Carnival campaign could increase Crescent City cruise interest
Don Ames Reporting
It's been rough sailing for Carnival Cruise Lines after several high-profile mishaps in recent years. Now, the company is spending more than half-a-billion dollars for improvements to right the ship.
And, the cruise giant is launching a new promotional campaign that's likely to benefit the cruise industry here in New Orleans, as well as the overall local economy.
Carnival's looking to lure wary vacationers onto its ships, with free return flights home and a full refund, plus a 10 percent bonus, for folks who aren't sold on the experience after their first day at sea.
Robert Jumonville, Director of Cruise and Tourism for the Port of New Orleans expects increased interest in cruising out of New Orleans as a result.
"Because they do nationwide advertising, and they do some regional advertising now, which is something none of the cruise lines did in years past," says Jumanville.
He says the 'Great Vacation Guarantee' could mean more folks in our region attracted to a cruise out of the Crescent City. And, he says Carnival will soon be able to accommodate more of them.
"In November, they're bringing in their newly refurbished Carnival 'Sunshine'. They just did about $170 million dollars worth of renovations to it, which include adding about 300 staterooms."
"'Sunshine' is about 400 passengers larger than the Carnival 'Conquest', which is here now," Jumanville says. "It'll stay here for about six months and, then. it'll be replaced in April by the Carnival 'Dream' which is the largest ship in Carnival's fleet. That'll add another 700 passengers to our fleet."
And, he says, the entire Carnival line will soon be new and improved. Carnival is in the process of investing $600-700 million on upgrading its fleet as it copes with the fallout from a string of bad publicity.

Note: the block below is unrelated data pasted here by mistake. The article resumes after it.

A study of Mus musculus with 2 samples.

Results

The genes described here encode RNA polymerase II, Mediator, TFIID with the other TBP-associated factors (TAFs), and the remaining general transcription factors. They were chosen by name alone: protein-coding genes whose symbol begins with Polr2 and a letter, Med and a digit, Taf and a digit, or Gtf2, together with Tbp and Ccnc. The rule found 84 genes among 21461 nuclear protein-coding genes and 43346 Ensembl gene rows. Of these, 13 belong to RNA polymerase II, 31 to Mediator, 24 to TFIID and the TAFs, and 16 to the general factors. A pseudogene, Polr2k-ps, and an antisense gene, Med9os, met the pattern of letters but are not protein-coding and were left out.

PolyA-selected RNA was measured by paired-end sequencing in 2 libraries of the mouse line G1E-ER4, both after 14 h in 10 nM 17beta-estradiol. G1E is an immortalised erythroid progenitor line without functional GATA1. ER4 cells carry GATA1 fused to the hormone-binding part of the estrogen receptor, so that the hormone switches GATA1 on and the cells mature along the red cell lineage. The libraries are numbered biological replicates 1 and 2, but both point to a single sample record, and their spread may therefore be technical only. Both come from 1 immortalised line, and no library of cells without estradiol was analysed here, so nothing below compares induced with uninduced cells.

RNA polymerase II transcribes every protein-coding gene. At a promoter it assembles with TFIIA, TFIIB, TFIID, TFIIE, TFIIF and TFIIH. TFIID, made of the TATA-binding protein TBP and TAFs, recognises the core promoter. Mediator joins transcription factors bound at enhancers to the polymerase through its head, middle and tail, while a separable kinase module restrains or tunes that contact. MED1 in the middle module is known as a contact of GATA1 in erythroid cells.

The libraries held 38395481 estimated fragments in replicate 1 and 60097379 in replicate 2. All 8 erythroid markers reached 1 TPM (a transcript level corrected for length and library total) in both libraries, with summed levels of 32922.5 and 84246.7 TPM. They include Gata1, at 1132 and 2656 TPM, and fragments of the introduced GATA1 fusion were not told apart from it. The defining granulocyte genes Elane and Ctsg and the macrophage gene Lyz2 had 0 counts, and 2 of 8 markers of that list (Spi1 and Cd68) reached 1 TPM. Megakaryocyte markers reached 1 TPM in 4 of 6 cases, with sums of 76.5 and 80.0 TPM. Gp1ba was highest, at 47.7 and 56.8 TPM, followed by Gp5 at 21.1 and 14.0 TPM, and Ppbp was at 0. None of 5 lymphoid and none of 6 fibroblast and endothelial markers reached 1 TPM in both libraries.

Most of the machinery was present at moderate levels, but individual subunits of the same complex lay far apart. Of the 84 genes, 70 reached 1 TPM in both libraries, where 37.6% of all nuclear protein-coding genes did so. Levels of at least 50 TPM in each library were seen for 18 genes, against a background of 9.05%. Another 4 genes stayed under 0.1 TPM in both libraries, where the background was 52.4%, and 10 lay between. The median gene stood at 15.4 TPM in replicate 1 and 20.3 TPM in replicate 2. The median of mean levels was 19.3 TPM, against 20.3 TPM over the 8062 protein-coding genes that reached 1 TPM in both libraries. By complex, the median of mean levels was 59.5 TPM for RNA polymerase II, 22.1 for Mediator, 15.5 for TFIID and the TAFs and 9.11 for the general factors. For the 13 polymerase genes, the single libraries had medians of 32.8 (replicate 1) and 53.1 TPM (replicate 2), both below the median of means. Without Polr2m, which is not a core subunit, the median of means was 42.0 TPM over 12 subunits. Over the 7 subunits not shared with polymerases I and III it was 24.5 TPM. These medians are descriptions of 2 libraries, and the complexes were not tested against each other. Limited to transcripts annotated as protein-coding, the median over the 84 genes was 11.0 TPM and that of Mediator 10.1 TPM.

Last year, the Carnival-owned Costa Concordia ran aground off the coast of Italy, killing 32 people on board.
Then, this past February, an engine room fire left the Carnival Triumph powerless and adrift for days in the Gulf of Mexico without air conditioning or working toilets.
Jumanville says Carnival has revamped their wiring systems, rerouting 63 miles of cable, so that a fire would be less likely to take out both engine rooms, as it did on the Triumph.
The fire suppression systems have been improved, increasing the number of water mist nozzles from roughly 30 to about 500, and adding a 24/7 manned patrol to look for oil or fuel leaks. Also, a second backup generator has been added, nowhere near the engine room. That way, basic services would stay up and running.
Carnival has previously told investors it expects it will take 2-3 years for its reputation to recover, powered primarily by word-of-mouth from satisfied cruise customers.
But, Jumanville says the ripples have barely been noticed in New Orleans.
"We, fortunately, have not seen a downturn in our market. Even when the Costa Concordia went down we did not see a downturn in the market as most U.S. ports did."
The real measure of New Orleans as a cruise departure point, says Jumanville, is how many passengers are booking in advance, not how many get on the ship.
"For the most part, we average about 113 to 115 percent occupancy on our ships every week."
He says the 'Great Vacation Guarantee' could bump that a bit.
"I'm sure it will, if it gets those people who are a little leery of cruising more positive about it. New Orleans is the place to be, you get two vacations in one. Hopefully it'll translate into more passengers."
And, he says New Orleans will be ready to handle them.
"We're doing a complete renovation of the Erato Street Terminal, which is the terminal that Carnival uses, in anticipation of the Carnival 'Dream' coming in. And, we're
moving forward on our plans to build a third cruise terminal at Poland Avenue."